A $21.6 billion test drive
Obama's auto task force has three weeks to determine if GM and Chrysler deserve more loans. Will a ride in GM's Chevy Volt electric car help them decide?
NEW YORK (CNNMoney.com) -- The Obama administration's top auto advisors were in the Detroit area Monday to meet with officials from General Motors and Chrysler, test drive a new electric car and try to chart a course for the industry's rescue.
March 31 is the stated deadline for the government to decide whether General Motors and Chrysler LLC, which have already received $17.4 billion in loans between them and have asked for up to $21.6 billion more in the coming weeks to help them avoid running out of money, deserve another bailout.
Steven Rattner and Ron Bloom, two former investment bankers brought in to advise the Treasury Department on the best course for saving the automakers, and Diana Farrell and Brian Deese, two members of the National Economic Council, made the visit to Detroit Monday.
The group met with company officials and engineers, as well as top officials of the United Auto Workers union, including UAW President Ron Gettelfinger. They also drove the electric-powered Chevrolet Volt from GM.
These four individuals are part of the government's federal auto task force, which also includes National Economic Council Director Larry Summers and Treasury Secretary Tim Geithner. This group will decide if the automakers' turnaround plans make them viable enough to merit more federal aid. The task force has already talked with top executives of GM and Chrysler at closed-door meetings in Washington.
The widely held assumption is that the Obama administration is looking for some way to justify additional loans for the automakers in order to help them avoid bankruptcy at a time when the economy is losing more than 600,000 jobs a month.
But according to the plans submitted by GM and Chrysler, both automakers think the only way they can remain viable is if they get most of the money they've requested in relatively short order -- sometime early next month at the latest.
GM's own auditors issued a statement last week questioning whether the company can stay in business without any additional help.
The automakers also have until March 31 to prove to the government that they have made progress in cutting their costs and winning concessions from creditors and their unions.
So far, GM (GM, Fortune 500) has yet to reach an agreement from holders of about $30 billion in unsecured debt to convert this debt to stock. This has raised speculation that a GM bankruptcy is more likely now than it was even in December, when the company nearly ran out of cash in the closing days of the quarter.
"If the auto task force got the sense that GM and its bondholders can't come up with a deal...we expect the task force to push GM into bankruptcy rather than push back the deadline," said Shelly Lombard, a debt analyst for research firm Gimme Credit, in a report Friday.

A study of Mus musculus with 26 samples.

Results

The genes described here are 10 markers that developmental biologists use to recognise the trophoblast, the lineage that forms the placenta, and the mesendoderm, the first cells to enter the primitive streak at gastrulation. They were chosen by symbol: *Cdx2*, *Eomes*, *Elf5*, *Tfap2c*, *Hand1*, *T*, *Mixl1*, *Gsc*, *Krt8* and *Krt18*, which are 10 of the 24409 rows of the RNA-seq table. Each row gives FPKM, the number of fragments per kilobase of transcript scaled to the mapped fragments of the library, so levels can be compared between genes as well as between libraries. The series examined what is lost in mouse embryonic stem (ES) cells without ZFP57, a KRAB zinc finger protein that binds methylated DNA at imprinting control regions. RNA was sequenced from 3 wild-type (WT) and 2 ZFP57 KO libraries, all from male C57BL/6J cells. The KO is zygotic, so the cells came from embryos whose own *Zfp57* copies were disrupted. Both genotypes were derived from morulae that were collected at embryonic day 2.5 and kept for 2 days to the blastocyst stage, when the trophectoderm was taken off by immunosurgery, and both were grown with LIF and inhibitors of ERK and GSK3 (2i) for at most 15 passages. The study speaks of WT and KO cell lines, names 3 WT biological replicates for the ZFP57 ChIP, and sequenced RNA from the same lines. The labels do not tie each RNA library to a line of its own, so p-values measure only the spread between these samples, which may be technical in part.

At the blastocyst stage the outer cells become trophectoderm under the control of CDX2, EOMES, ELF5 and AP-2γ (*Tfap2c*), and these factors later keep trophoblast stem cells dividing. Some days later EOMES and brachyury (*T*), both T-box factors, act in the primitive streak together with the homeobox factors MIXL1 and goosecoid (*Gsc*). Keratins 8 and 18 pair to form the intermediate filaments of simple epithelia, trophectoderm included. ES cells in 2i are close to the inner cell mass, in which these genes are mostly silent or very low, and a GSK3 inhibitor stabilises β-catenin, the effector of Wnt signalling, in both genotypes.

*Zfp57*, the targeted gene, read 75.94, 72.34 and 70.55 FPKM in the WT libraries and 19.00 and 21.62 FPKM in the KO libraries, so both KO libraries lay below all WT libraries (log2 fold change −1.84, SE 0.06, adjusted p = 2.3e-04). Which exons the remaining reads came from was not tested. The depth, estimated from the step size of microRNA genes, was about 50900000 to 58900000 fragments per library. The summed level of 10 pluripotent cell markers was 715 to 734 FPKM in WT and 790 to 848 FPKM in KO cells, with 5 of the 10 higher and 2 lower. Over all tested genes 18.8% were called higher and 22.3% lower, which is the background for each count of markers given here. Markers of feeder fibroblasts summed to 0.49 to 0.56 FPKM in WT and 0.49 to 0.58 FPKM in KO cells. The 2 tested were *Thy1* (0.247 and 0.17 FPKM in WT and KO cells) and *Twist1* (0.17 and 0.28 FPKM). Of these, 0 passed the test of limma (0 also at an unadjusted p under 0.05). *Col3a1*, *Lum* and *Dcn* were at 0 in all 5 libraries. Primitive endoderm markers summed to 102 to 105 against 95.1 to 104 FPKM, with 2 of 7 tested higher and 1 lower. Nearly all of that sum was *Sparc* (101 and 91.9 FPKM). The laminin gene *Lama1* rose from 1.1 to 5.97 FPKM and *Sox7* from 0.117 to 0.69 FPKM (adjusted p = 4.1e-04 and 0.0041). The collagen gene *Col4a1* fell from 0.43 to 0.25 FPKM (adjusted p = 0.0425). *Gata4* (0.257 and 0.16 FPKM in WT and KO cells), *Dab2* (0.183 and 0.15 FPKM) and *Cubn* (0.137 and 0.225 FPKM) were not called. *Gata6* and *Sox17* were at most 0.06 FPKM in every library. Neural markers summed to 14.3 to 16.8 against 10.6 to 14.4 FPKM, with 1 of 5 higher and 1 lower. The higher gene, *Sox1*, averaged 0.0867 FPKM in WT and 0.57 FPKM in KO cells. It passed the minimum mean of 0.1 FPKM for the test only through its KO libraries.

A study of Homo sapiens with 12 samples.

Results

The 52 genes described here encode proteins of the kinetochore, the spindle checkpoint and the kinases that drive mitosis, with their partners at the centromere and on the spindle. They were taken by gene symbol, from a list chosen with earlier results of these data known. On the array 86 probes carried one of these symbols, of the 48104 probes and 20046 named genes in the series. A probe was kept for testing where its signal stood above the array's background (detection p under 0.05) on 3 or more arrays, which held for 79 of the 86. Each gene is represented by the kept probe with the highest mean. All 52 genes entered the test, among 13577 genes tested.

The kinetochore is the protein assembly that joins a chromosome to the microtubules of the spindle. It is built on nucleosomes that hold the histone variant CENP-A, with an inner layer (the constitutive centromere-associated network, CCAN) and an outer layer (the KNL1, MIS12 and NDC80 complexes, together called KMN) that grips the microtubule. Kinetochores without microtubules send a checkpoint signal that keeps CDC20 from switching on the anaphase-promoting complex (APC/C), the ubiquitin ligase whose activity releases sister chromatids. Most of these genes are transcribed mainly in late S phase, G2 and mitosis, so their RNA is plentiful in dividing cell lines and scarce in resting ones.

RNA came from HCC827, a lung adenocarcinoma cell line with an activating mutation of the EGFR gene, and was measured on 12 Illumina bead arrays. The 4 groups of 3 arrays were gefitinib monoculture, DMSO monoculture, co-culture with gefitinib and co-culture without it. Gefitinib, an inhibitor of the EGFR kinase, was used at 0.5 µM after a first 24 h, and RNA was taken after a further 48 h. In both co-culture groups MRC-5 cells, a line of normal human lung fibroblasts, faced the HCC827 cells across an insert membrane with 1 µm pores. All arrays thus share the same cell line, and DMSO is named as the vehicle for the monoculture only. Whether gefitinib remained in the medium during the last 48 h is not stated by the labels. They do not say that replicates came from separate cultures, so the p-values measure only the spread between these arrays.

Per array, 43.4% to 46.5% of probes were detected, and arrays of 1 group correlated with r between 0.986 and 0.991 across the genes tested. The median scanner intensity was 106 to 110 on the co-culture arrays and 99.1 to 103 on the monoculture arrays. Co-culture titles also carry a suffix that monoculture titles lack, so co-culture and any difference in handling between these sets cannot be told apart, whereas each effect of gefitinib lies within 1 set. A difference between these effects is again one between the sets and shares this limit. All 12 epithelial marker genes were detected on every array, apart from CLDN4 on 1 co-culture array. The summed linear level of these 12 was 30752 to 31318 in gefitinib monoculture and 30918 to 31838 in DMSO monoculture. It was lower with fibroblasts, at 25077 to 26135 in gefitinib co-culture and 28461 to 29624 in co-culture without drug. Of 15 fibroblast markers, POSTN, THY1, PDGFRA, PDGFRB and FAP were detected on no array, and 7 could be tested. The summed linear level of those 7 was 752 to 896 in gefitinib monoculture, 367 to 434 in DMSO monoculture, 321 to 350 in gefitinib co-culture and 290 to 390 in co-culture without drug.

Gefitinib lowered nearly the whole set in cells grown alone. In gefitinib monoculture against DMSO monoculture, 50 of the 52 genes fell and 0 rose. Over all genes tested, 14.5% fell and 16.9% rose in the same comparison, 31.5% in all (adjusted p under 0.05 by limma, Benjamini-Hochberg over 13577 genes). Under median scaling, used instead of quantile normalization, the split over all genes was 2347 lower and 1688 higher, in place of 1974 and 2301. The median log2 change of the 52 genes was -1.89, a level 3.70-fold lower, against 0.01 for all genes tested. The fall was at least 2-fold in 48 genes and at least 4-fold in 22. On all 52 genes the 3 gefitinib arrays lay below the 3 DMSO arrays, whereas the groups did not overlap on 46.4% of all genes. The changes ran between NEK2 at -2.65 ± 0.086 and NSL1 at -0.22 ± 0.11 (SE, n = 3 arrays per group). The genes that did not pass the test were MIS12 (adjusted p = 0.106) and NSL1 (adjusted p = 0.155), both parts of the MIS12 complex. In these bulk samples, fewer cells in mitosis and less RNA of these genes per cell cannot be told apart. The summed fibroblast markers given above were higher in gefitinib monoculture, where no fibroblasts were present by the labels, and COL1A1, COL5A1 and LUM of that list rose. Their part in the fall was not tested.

But even a bankruptcy filing could end up costing taxpayers billions of dollars. That's because many of those advocating that the automakers use bankruptcy reorganization to fix their problems believe that the government would have to provide the funding needed to keep operating during reorganization.
In their turnaround plans, GM said it would need up to $100 billion to survive bankruptcy while Chrysler said it would require up to $24 billion if it filed for bankruptcy.
GM denied a report in Friday's Wall Street Journal that indicated the company was more open now to bankruptcy. David Cole, chairman of the Center for Automotive Research, a Michigan-based think tank, said the mere threat of bankruptcy should be enough to convince unions and creditors to make some more concessions.
"You can't remove the threat of bankruptcy. That's the leverage to get people to come to an agreement," he said. "I don't think these things will come together until we're at the very end."
When that end comes is not completely clear.
The loan agreements allow the government to push back the date for deciding whether or not the automakers are viable. Many in the industry expect that to happen, especially since some of the staff, including Rattner and Bloom, have only been advising the task force for a couple of weeks.
If the decision is pushed back, it is likely that additional loans for GM and Chrysler will come from the Troubled Asset Relief Program, or TARP, rather than having a request for new funds go to Congress. GM and Chrysler received their first loans from TARP, which was initially created to bailout Wall Street firms and banks last year.
Officials from the industry and administration say there has been little movement towards asking Congress for additional help, at least in the short-term.
Leaving the decision in the hands of Treasury rather than Congress also increases the chance that the automakers will get the additional help they are seeking, said Cole. The Senate rejected a proposal to provide $14 billion in aid to GM, Chrysler and Ford Motor (F, Fortune 500) last December.